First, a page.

A recent study has deemed that girls and boys are not as different as previously thought.
The research suggested that although girls tend to hang out in smaller, more intimate groups than boys, this difference is diluted by the time children reach the eighth grade.
"Girls and boys aren't as different as we think they are," said Jennifer Watling Neal, of Michigan State University.
Neal's study has analyzed how girls' and boys' peer networks develop across grades.
Because children's peer-group structure can promote negative behaviors like bullying and positive behaviors like helping others, she said it's important for researchers to have a clear picture of what these peer groups look like.
"Although we tend to think that girls' and boys' peer groups are structured differently, these differences disappear as children get older," Neal said.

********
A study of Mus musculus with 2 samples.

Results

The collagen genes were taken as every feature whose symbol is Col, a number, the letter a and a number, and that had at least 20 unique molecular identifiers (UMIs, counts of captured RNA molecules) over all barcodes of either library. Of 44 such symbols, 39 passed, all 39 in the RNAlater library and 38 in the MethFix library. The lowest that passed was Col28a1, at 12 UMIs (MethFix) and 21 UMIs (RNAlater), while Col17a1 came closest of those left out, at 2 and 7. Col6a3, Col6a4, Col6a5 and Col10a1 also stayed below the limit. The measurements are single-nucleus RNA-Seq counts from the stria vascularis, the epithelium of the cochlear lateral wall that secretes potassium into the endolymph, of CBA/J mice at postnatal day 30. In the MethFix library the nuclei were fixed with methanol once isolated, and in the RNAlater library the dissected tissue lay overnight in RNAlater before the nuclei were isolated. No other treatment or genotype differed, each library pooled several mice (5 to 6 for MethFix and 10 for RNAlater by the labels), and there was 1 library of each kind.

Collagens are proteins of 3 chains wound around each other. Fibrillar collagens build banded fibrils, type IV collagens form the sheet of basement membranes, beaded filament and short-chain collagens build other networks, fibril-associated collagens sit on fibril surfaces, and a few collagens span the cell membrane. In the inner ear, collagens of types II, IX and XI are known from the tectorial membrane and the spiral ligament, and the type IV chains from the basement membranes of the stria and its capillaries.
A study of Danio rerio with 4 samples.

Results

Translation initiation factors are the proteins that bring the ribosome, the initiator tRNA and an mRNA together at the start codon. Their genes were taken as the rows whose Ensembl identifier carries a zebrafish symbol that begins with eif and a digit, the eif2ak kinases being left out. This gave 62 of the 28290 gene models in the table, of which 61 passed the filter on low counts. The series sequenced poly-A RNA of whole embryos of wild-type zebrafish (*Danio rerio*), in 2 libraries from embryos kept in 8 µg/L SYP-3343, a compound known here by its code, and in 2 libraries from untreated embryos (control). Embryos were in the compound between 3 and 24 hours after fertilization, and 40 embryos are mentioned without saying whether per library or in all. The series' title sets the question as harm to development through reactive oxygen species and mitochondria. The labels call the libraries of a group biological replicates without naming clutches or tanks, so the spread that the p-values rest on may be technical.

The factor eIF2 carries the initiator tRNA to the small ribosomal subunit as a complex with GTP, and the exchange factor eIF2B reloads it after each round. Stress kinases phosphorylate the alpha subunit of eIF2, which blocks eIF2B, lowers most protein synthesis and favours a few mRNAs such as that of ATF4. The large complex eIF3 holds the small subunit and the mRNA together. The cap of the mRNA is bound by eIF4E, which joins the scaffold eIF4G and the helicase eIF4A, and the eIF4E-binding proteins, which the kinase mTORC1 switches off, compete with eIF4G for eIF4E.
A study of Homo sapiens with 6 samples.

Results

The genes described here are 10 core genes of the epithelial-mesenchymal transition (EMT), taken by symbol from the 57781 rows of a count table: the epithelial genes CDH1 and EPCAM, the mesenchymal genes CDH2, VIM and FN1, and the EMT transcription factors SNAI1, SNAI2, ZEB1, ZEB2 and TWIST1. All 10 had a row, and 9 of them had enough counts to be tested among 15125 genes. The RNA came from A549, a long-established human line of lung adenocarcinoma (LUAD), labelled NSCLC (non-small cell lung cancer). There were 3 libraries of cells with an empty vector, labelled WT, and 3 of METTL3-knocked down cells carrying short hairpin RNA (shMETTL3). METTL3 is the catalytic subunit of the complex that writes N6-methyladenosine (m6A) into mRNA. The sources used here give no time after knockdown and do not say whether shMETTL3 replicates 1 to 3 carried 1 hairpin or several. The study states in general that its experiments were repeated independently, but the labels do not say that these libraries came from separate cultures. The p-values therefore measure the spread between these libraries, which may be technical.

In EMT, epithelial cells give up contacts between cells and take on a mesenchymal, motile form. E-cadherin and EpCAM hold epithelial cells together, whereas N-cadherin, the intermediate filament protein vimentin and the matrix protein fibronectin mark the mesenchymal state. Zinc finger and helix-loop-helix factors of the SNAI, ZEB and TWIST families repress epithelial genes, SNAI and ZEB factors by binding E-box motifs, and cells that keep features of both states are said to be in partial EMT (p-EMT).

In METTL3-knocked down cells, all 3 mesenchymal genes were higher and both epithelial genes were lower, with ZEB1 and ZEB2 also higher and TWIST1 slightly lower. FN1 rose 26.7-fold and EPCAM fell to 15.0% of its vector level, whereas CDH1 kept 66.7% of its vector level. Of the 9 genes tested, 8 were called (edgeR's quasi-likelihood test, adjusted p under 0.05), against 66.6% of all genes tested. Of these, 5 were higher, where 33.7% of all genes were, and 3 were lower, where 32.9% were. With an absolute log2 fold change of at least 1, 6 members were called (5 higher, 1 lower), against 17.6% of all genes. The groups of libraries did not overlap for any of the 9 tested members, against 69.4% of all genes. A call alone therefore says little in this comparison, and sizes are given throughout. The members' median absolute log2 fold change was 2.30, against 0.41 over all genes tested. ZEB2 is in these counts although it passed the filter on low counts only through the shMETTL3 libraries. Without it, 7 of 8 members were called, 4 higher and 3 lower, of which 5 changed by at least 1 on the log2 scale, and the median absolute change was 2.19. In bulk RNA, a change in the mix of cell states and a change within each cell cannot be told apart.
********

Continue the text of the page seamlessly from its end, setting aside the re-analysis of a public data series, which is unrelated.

The reason may have to do with an increased interaction with the opposite sex.
"Younger boys and girls tend to play in same-sex peer groups," Neal said. "But every parent can relate to that moment when their son or daughter suddenly takes an interest, whether social or romantic, in the opposite sex."
Neal examined peer relationships of third- through eighth-grade students at a Chicago school and found that girls in the younger grades did, indeed, tend to flock together in smaller, more intimate groups than boys.
But that difference disappeared by the eighth grade. While the size of boys' peer groups remained relatively stable, girls' peer groups became progressively larger in later grades.
The findings appeared in the Journal of Social and Personal Relationships.